I got my first guitar when I was nine years old. It was a $25 acoustic cheapie, made with with woody-looking plastic. Or maybe it was plasticy-looking wood.
The instruction book tutored by way of “How Much is that Doggie in the Window?” and “The Streets of Laredo.” I later found that the fingerings the book demonstrated were needlessly difficult for a beginner, like a G chord that required splitting one’s ring finger and pinky across five strings. At the time, I had grave concerns about the physical impossibility of such things. But I persisted, driven by an urge to somehow make sounds like I heard on KISS Alive.
A few years earlier, a babysitter inadvertently introduced me to KISS Alive. It was a two-record set of bombast that I didn’t understand but instinctively liked. I didn’t realize the band had the makeup-wearing, fire-breathing shtick until later. I just remember being drawn to the big, distorted guitar sound.
The closest thing my parents’ record collection had to the KISS guitar sound was the reprise of “Sgt. Pepper’s Lonely Hearts Club Band,” the first few seconds of which dangled a morsel of that distorted guitar. I played it again and again, not bothering with the rest of the song.
At some later point, my parents reluctantly sanctioned the purchase of KISS Alive, on sale for $4.99. And yet later came the cheapie guitar.
Somehow I taught myself to play the cheapie well enough that my parents indulged me what I really wanted, an electric guitar. It was a no-name Les Paul copy, a budget knock-off of the legendary model used by Led Zeppelin’s Jimmy Page and The Who’s Pete Townshend, not to mention KISS’s Ace Frehely. It came with an amplifier modestly larger than a loaf of Wonder bread. Turned all the way up, helped along by a distortion pedal, the dwarf amp—its brand name was in fact Dwarf—could achieve a junior version of that big guitar sound.
I and some like-minded sixth-graders were in a band that went by many names. A parade of names was inevitable because we spent at least as much time contemplating band names and logos as we did playing music. The name that stuck longest was Zodiac. The logo projected the bottom of the Z under the rest of the letters, terminating with an arrow. It was a classic kid thing, that logo: We took forever creating it, only to end up with a minor variation of The Who’s logo circa 1965.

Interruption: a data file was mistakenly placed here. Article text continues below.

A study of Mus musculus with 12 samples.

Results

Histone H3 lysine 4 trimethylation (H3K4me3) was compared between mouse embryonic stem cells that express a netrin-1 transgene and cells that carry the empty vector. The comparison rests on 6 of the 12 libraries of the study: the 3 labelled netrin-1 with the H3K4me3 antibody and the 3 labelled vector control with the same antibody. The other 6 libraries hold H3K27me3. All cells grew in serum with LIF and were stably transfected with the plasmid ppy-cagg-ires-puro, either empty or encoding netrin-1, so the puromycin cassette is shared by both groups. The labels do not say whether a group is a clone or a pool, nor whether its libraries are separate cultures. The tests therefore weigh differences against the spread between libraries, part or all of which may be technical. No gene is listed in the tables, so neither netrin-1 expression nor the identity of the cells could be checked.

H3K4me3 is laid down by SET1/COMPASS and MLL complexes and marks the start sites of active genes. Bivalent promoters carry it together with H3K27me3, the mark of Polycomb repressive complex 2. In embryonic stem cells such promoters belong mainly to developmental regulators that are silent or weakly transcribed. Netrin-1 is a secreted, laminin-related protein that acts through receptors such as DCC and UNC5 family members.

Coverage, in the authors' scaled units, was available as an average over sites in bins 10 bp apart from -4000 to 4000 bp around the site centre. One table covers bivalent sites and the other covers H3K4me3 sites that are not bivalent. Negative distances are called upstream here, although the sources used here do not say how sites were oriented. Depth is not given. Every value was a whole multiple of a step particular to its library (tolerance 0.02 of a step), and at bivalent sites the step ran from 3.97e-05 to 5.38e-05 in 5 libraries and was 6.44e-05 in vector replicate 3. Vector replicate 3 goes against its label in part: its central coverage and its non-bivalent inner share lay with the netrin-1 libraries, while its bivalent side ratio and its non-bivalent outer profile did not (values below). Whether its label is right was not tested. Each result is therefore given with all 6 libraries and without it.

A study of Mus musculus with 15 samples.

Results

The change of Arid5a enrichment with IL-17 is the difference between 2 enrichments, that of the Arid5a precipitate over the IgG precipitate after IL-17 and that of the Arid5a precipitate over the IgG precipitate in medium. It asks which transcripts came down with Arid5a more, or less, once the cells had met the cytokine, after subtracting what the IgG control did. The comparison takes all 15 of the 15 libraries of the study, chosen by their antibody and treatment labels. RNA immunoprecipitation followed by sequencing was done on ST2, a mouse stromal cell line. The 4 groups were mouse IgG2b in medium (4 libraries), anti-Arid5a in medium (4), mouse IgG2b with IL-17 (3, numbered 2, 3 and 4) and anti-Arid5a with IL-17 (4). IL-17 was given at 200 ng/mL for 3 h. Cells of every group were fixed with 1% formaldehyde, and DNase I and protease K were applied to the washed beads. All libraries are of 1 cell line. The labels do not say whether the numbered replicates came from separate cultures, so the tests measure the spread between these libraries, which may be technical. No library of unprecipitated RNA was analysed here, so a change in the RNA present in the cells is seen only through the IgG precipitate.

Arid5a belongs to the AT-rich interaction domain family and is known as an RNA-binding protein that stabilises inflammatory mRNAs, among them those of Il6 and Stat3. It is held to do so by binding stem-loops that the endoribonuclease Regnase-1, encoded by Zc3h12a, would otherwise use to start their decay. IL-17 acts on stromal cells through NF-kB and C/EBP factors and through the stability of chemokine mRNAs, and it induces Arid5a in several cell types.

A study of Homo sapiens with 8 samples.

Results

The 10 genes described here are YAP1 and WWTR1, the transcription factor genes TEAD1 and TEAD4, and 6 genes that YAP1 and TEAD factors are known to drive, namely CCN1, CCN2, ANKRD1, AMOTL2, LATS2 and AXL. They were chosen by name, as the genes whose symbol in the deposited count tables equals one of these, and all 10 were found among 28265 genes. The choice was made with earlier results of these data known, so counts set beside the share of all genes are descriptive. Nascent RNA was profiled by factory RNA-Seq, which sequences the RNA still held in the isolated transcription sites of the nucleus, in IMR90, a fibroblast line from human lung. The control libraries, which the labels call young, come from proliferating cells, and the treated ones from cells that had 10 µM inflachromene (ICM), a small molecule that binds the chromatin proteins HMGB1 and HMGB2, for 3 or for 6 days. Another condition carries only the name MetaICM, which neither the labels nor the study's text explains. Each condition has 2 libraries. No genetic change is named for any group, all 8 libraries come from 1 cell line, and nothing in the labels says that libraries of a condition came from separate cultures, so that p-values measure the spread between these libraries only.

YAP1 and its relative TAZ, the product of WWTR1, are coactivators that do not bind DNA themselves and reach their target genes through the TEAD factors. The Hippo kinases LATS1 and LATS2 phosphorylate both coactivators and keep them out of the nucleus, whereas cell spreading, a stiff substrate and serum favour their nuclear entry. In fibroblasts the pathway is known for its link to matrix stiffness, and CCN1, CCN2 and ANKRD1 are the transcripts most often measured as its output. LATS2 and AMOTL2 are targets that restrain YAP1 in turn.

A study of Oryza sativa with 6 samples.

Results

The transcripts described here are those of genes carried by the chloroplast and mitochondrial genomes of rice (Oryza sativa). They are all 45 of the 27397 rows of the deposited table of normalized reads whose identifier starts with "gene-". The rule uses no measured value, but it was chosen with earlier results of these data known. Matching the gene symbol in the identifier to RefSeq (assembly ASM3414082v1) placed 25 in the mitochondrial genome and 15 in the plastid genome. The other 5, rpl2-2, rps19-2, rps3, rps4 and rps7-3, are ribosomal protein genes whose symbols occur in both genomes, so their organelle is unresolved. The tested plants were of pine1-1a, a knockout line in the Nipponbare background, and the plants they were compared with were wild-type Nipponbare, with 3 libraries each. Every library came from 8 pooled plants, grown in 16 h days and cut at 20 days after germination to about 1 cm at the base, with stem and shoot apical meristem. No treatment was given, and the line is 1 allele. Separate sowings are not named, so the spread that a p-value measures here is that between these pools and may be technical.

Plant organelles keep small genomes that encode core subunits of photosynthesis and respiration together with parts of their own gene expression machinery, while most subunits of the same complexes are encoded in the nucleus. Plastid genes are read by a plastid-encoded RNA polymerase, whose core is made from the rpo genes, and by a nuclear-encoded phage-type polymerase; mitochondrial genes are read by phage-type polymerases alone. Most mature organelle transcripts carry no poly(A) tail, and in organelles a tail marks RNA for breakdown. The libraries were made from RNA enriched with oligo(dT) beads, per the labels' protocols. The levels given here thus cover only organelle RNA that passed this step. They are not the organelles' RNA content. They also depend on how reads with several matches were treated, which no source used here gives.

Our one gig was a Halloween party in 1979. As aspiring crowd-pleasers, we attempted the hit of the moment, The Knack’s “My Sharona.” It was an easy song to play except for the guitar solo, which was almost two minutes long. I could only play the first 15 seconds, so I just repeated that snippet with increasing fervor. The audience, fellow sixth-graders plus siblings, gave it a polite A for effort.
By this time I had gone beyond KISS, graduating to what today would be called classic rock: The Stones, The Beatles, The Who. Although less of the big-guitar sound was required, we’d nevertheless find occasions for heavy power chords, as with The Who’s “Baba O’Reilly”: Imagine a prepubescent singer yelping about “teenage wasteland” while guitar and drums rendered the song’s signature riff in rickety blasts. Despite wreaking havoc on the details, it got an essential something right.
Thinking back, I don’t remember anyone wanting to be a rock star. There was no master plan for fame and fortune. The planning horizon was more like, “Let’s play ‘Barbara Ann’ for thirty minutes, then the last one to the swimming pool has to be Marco in Marco Polo!” There ensued much duck-walking, jumping off chairs, and other theatrics to accompany thirty minutes’ worth of the same three chords.
Through junior high and high school, such jam sessions continued in a slightly more mature manner, with an evolving group of friends. Along the way I ended up with a real electric guitar, a Fender Stratocaster, and a decent amp. I got good enough that most people would come away impressed with my chops. However, I had enough encounters with real musicians that I knew I wasn’t in their league. Those guys loved music, but it was also their job, and I didn’t want that. So music remained a hobby for me.
In college my interests evolved from band jams to electronic music and studio recording. Although I still used the guitar, the center of gravity had migrated to computers and the studio itself as instruments. For variety, I rotated through a few obscure guitar species like an electric 12-string, a fretless bass, and a guitar synthesizer. I also contributed goofball guitar licks to a series of home-recording adventures undertaken by my college housemates and me, wherein various styles of music were plundered for laughs.
But after joining the working world, and especially the start-up world, time for making music evaporated. My gear found its way to friends or was sold. These days, all I have is a single acoustic guitar, a better version of the long-gone cheapie. I’ll occasionally pull it out if I can think of something that might make my three-year-old daughter smile. Usually, that’s something closer to “How Much is that Doggie in the Window?” than anything I later played. It’s an oddly fulfilling way to come full circle. Maybe as she gets older, there will be another loop around.